Thursday, June 6, 2013

Why Eat Wild Foods?

With all the bounty available at the grocery store the question arises, why forage for wild foods?

1) They are organic.  No telling what has happened to the foods at the store.  Pesticides, fertilizers, preservatives, GMOs, several days, and thousands of miles just to get to your table.

2) They are local.  Obviously, no fossil fuels were used for their transport to your table.  Some are so local, they are right in your yard.

3) This is the best part... They are free.  Not only do they not cost money, but you don't even have to grow them.  No work except the gathering and preparing.

4) Many of them are healthier for us than modern cultivated greens.  A recent study pointed out the fact that wild herbs have compounds that fight cancer which have been bred out of cultivated greens.  The bitter herbs like dandelion have more of these.

5) It is fun going out and learning what is there in our surroundings.  It brings us closer to nature, gets us off our couch in front of the TV, and puts us out in the woods, fields, or even just in our own back yard, really looking at what is there, and being part of it.  It connects us to our environment.  And that is what we have lost in our modern world.  We don't feel connected with the natural world.

6) They are part of God's bounty provided free for us, and we shouldn't turn our noses up at them.   Everything in the world is given to us, and has a legitimate use.  It is up to us to figure out what the proper use is.  For some things, the only use is to just appreciate the beauty.  But in the fields and woods surrounding us here in the midwest, for an unbelievable number of the plants, one of the proper uses is to eat them.  They aren't just weeds, they are a valuable part of God's Creation, given to us.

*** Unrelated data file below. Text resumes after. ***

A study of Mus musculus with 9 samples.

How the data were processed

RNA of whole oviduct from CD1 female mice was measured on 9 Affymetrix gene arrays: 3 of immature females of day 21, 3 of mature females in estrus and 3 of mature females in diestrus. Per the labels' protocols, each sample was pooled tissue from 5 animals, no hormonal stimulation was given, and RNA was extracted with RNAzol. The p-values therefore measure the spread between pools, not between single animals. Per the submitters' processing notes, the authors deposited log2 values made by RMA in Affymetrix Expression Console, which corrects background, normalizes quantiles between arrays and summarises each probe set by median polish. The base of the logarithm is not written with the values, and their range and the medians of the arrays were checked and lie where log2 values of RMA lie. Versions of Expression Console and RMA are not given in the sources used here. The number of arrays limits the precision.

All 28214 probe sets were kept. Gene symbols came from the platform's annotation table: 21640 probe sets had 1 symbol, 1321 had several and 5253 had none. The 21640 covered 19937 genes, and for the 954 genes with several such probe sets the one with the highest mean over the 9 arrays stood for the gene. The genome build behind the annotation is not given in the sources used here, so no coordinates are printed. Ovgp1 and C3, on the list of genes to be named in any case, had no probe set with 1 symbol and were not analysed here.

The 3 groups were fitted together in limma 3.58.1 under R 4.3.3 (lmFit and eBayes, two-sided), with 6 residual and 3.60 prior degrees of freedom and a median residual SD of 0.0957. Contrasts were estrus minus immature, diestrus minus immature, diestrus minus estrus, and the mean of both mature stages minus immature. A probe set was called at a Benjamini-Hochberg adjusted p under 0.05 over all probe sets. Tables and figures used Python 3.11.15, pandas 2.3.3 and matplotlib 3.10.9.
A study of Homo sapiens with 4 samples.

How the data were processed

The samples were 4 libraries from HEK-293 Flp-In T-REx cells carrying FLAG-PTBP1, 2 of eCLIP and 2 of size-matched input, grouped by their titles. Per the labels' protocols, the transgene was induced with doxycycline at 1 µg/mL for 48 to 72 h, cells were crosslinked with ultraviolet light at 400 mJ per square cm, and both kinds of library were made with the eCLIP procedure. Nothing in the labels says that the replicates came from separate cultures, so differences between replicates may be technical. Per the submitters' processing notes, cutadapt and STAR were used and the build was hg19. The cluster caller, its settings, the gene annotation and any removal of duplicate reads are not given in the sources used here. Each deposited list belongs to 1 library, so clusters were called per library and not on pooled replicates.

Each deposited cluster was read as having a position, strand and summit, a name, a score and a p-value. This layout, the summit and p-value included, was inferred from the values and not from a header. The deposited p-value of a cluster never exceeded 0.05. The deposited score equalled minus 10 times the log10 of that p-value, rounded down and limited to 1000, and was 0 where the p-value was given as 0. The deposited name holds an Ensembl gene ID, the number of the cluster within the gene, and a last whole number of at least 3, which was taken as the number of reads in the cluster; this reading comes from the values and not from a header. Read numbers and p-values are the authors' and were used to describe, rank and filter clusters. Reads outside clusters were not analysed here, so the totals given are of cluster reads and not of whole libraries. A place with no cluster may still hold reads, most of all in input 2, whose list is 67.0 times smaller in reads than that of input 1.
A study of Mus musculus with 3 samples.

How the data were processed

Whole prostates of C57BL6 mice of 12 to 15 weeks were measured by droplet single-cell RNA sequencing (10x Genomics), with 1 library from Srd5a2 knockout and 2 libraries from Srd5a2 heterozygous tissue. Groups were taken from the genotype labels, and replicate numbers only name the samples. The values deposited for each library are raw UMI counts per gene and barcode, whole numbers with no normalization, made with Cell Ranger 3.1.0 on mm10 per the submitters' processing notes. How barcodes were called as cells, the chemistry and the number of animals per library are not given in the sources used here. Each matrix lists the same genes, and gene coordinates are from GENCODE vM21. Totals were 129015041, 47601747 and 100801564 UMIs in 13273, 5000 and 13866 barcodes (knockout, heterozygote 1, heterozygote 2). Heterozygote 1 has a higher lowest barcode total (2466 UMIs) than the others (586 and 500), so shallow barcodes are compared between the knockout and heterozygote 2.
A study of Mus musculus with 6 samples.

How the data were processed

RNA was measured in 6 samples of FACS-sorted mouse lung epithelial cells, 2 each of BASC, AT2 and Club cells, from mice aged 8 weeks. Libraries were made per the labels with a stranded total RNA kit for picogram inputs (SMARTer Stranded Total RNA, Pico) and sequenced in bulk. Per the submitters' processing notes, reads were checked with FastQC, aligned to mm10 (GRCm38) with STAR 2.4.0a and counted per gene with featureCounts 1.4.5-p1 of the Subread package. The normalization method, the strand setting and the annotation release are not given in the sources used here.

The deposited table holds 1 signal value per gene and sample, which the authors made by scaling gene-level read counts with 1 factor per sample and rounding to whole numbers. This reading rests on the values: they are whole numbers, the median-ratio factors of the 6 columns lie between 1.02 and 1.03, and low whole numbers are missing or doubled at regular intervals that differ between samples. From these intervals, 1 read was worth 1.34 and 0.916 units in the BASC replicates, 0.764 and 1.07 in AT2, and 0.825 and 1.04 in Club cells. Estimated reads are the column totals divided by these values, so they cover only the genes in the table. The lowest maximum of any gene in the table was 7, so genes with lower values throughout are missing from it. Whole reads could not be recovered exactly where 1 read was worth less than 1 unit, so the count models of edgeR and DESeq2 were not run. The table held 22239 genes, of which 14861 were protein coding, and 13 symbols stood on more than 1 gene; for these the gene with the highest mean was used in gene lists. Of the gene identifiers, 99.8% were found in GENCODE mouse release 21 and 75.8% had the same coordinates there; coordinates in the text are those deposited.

Radish Greens

OK.  So this isn't wild food, but it certainly is overlooked.  Did you ever wonder why sometimes radishes are sold with the greens still on?  It is because they are really good to eat.


I have asked around, and very few folks seem to know this, or have even heard it.  Radish greens don't taste anything like the root.  They are mild, and good.  Prepare them any way you would spinach.  Boil them, and eat as a side dish, throw them in soups or stews, make a quiche, etc.  They are as versatile as spinach.  You can even eat them raw as part of a salad.  And I bet if you try them, you will like them.

The ones pictured above are from our crop this year which wasn't worth anything for radishes.  With the weird year, they didn't even develop a root, just went straight to flowering for seed.  So I pulled them all up, but of course it wasn't a total loss, because that pile of greens made a really nice Fritata.  See the Fritata post for the recipe.  

It is surprising how I get laughed at when I talk about eating this sort of stuff.  I believe in our modern society, we have forgotten just how much is out there that is not only edible, but really good and healthy!  We are so used to just buying food at the grocery store that we we have lost part of our heritage.  This is ancient knowledge, and still good today.  Not only that, these overlooked foods are part of God's bountiful provision for us.